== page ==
Joni Mitchell sang Gershwin. I think I heard divine intervention.

The legendary singer-songwriter delivered something utterly profound during her surprise performance after accepting the Library of Congress Gershwin Prize for Popular Song.

by Chris Richards
Washington Post
March 31, 2023

Do people still see God's face in their oatmeal or do we only worship money now? Either way, as corny and impossible as it might be, I wish I could reach out from these keystrokes, set my hands on your shoulders, gaze deep into your retinas and tell you that when Joni Mitchell sang George Gershwin's "Summertime" at DAR Constitution Hall earlier this month, something like God entered in the room.

The circumstances were strange. Mitchell was in Washington to accept the Library of Congress Gershwin Prize for Popular Song, and in the moment I'm describing, to headline at a tribute concert being filmed by PBS. Accepting her award in a satiny frock the color of the ocean and a beret the color of gold bullion, the 79-year-old colossus of song seemed a little out of sorts. Was it the implicit awkwardness of a televised exaltation or something worse? Mitchell suffered a brain aneurysm in 2015 that left her unable to speak or walk, and has since made an astonishing recovery, but as she sidled up next to the grand piano, the room held its breath.

Then, clutching a shiny golden microphone in her right hand, she exhaled that opening verse, her phrasing patient and exact, her tone heavy with color and feeling. "Hush little baby," she sang with a finesse that can only be measured in metric tons. "Don't cry, don't cry."

Failing to connect those words to the sopping wetness that had instantaneously materialized on my face, Mitchell was halfway through the song before I noticed that my lungs had also chosen to relocate to my throat, which technically qualifies as an out-of-body experience, which is where the whole God thing comes in. Cumulatively, this moment felt greater than life, greater than everyone in the room, maybe even greater than Joni Mitchell, unless she's God, which I suppose is no longer out of the question.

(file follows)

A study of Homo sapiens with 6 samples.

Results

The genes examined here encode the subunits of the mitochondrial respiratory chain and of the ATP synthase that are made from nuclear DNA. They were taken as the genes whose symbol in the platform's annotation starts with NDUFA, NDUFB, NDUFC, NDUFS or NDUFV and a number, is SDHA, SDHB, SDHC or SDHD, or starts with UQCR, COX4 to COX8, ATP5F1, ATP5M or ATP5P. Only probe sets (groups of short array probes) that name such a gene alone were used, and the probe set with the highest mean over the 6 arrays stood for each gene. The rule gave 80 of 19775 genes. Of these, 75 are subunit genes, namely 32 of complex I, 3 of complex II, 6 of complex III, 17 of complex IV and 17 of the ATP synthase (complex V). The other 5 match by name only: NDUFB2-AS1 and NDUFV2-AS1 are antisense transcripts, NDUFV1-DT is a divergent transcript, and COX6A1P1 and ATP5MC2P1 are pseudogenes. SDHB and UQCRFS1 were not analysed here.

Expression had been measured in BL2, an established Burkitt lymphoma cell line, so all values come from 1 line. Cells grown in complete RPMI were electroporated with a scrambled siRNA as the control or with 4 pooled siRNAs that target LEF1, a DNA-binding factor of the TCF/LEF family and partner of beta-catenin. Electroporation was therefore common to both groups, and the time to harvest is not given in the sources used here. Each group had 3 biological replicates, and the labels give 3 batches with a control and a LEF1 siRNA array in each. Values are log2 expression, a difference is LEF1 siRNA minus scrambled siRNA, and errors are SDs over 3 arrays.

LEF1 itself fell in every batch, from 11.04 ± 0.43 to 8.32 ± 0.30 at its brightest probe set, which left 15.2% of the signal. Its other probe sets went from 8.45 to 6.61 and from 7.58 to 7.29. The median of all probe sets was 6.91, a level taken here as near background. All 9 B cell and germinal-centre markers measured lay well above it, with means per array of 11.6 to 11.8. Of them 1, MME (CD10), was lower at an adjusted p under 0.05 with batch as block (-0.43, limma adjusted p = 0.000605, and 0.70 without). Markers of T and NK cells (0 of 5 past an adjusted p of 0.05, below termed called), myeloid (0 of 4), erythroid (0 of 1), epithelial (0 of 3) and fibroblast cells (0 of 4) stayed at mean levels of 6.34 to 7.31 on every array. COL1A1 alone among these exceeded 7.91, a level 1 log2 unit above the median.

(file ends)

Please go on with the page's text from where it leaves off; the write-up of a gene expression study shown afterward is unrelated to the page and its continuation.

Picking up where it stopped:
Normally, I'd worry about sounding hyperbolic here (greatness feels cheap in the social media age), or even worse, sentimental (hooray for a fragile older person doing an incredibly powerful thing), but I've been too busy spending the past few weeks trying to figure out how a song so delicate managed to collide into my sensorium with such annihilating, tidal force. Maybe the secret of Mitchell's entire songbook is tucked away in that paradox - all of those drumless ballads from "Clouds" and "Blue" crashing against our collective consciousness like rogue waves. Maybe we can trace it all back to Mitchell's lifelong affinity for dancing. There's a tremendous amount of movement in her music, even when the gestures feel stark and the mood feels serene.

And then there's all of Mitchell's unambiguous greatness: Her singular ability as a songwriter to speak to our experiences and imaginations through characters we may or may not know (Carey, Edith and the Kingpin) and settings we may or may not have visited (the autonomous Champs-Élysées, ex-paradise parking lots). Singing about all of this stuff with the intricacy and insistence of a pen scratching paper, she matches unexpected words with unexpected melodies, simultaneously possessing them in ways that feel deeply inventive and allergic to cliche.

But how all of this felt so abundantly clear as Mitchell gently moved another songwriter's words around in time, as if placing them into their most perfect position, I'm still not sure about. Something profound, and complete, and deeply life-affirming had suddenly sprung into reality, and it was hard to understand exactly how or why.

"You had to be there" is a cruel phrase, isn't it? We're a storytelling species, and we spend our lives trying to share "there" with those who weren't. We search for it in novels and "How was your day?" at dinnertime. But on a Joni Mitchell album, "there" feels like "here." The visceral experience of hearing her most vivid songs always seems to supersede the detailed stories they're recounting.

This is all to say that you can watch Mitchell sing "Summertime" in full on television tonight, and while I can't promise God will visit your living room, try listening with all of your being and see who shows up.

Joni Mitchell: The Library of Congress Gershwin Prize for Popular Song airs Friday at 9 p.m. on PBS stations. (Check local listings.)